The Basics of Value Stream Mapping for Manufacturers

    Posted by Dennis McGuigan on Dec 12, 2018 9:57:00 AM
    Dennis McGuigan

    Value Stream MappingIn the manufacturing world, “lean” principles reduce inventory and work in process, improve quality, boost productivity, and ultimately lower costs. Lean originated in Japan decades ago and has been readily embraced in manufacturing sectors around the world, especially the automotive industry.

    With increasing global competitiveness, lean principles have never been more important for making U.S. companies competitive. One of the most simple yet effective lean tools is value stream mapping, which can be implemented within days and can reap impressive results in a short period of time.

    Steps for Implementing Value Stream Mapping

    Value stream mapping is a low-tech, pencil-and-paper tool that enhances communication, business planning, and overall management. It can be applied to any industry, across a wide range of departments.

    What's the purpose of value stream mapping?

    When done right, value stream mapping removes waste from a manufacturing process and makes it as lean and efficient as possible. The “value stream” identifies all the actions and steps that a product takes throughout a manufacturing process, starting with obtaining raw materials all the way to final delivery of a product.

    The first step is to draw — on a single document — a detailed picture of all the parts of the operation to produce a "current state map" to help you visualize the situation as it exists today. It's important to map out the entire manufacturing process, including:

    • Cycle times
    • Down times
    • In-process inventory
    • Material moves
    • Information flow paths
    • And more

    Once the value stream is identified, steps are taken to optimize and streamline the manufacturing process, resulting in the creation of a “future state map” that eliminates waste and utilizes time, talent, and equipment more efficiently.

    The third and final step is implementing the process improvements, which leads to reduction of work in progress and production lead times, fewer defects, and faster responses to change requests. Results are often immediate and dramatic, adding value to your products and services that help set you apart from the competition.

    A Team Effort

    Lean is all about eliminating waste, or the non-value-added components in any process. A process is a process, whether it’s in a factory or a professional office building. And usually every process has some element of waste.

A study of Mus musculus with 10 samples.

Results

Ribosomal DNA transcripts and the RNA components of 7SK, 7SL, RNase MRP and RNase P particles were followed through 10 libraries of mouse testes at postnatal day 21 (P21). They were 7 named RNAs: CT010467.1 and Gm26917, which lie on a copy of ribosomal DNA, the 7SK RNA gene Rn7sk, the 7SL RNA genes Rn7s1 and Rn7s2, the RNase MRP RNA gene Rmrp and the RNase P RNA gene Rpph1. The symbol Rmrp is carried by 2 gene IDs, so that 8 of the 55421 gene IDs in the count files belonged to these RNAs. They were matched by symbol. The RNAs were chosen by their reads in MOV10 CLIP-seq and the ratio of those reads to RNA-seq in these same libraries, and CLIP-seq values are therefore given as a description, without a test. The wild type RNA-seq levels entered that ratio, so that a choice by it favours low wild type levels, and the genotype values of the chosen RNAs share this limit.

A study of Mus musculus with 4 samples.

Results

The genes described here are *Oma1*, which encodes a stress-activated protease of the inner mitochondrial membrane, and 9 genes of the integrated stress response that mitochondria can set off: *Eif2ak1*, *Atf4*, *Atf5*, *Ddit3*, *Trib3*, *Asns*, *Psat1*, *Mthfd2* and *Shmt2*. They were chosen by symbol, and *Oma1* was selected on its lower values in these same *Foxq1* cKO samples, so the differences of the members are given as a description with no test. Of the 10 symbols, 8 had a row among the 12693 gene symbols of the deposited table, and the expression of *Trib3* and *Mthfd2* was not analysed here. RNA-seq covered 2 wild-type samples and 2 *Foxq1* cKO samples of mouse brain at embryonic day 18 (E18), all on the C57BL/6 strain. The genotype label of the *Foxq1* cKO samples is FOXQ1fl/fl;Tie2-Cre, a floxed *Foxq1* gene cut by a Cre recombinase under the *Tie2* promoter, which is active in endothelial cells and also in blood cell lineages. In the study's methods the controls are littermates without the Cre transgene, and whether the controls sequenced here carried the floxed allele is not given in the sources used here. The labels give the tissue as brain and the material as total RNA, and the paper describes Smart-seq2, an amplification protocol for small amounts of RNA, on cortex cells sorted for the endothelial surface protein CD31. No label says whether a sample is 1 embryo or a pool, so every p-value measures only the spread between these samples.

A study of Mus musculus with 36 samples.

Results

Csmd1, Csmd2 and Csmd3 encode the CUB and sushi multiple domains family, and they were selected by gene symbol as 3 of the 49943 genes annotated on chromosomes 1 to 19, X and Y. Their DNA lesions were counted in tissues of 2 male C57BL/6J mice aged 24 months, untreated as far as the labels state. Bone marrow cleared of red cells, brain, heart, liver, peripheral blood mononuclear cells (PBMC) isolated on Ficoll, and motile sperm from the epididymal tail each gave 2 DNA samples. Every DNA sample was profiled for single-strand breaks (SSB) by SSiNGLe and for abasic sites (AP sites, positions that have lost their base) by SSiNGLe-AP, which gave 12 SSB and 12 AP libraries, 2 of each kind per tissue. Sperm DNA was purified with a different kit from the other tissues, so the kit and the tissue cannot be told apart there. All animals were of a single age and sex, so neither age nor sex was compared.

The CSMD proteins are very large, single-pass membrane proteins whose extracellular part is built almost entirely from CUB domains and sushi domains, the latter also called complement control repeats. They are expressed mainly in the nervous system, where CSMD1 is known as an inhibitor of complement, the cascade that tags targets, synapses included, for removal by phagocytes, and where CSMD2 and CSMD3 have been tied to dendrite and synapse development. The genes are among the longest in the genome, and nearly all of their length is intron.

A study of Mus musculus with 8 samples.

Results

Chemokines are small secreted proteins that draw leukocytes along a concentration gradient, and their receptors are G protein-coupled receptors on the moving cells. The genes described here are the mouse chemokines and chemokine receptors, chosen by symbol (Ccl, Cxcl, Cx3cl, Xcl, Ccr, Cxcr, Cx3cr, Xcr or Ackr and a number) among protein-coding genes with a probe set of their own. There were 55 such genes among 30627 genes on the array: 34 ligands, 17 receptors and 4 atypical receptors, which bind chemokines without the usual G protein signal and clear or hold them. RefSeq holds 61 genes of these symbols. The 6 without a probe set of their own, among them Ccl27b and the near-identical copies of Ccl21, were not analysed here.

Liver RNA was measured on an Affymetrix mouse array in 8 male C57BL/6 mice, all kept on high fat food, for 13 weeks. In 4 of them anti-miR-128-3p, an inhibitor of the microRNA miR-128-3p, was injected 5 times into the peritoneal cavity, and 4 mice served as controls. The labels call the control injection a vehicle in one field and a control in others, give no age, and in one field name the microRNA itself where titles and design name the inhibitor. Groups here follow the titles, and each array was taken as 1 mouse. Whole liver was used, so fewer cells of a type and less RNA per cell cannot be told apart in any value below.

Value stream mapping identifies all the actions that take a product through any process — that process can be in production, procurement, facilities management, HR, administration, delivery, customer service, vehicle maintenance — you name it.

    It is important that value stream mapping is embraced at all levels of the company. Management must demonstrate that every employee is encouraged to contribute to productivity by facilitating positive change. This allows employees to have more “ownership” of the company, which also results in a better understanding of the entire business operation for everyone involved.

    Take a Continuous Improvement Approach

    Value stream mapping is just the first step of an on-going lean experience. Lean never ends — ideally it becomes part of the corporate culture, a process, a way of thinking. Most lean consultants agree that a process is not really lean until it has gone through at least seven periods of value-stream mapping.

    Any time is a good time to start to get lean. Value stream mapping is easy to understand and implement, and relies on common-sense, low-tech ideas. It is also relatively low cost — depending on your budget, out-of-pocket expenses can be as little as $200 for a few books, or tens of thousands of dollars per year for consultants, training, and related improvements.

    Taking a lean approach in each phase of production results in projects done on time and on budget. When evaluating which injection molder is right for your next project, consider the value of a single, full-service molding partner that takes a lean approach and provides up-front design support, reduces lead times, simplifies vendor management and more. Read our What Type of Injection Molder Do You Need? tip sheet to understand the major differences between a full-service injection molding partner like Kaysun versus a commodity producer.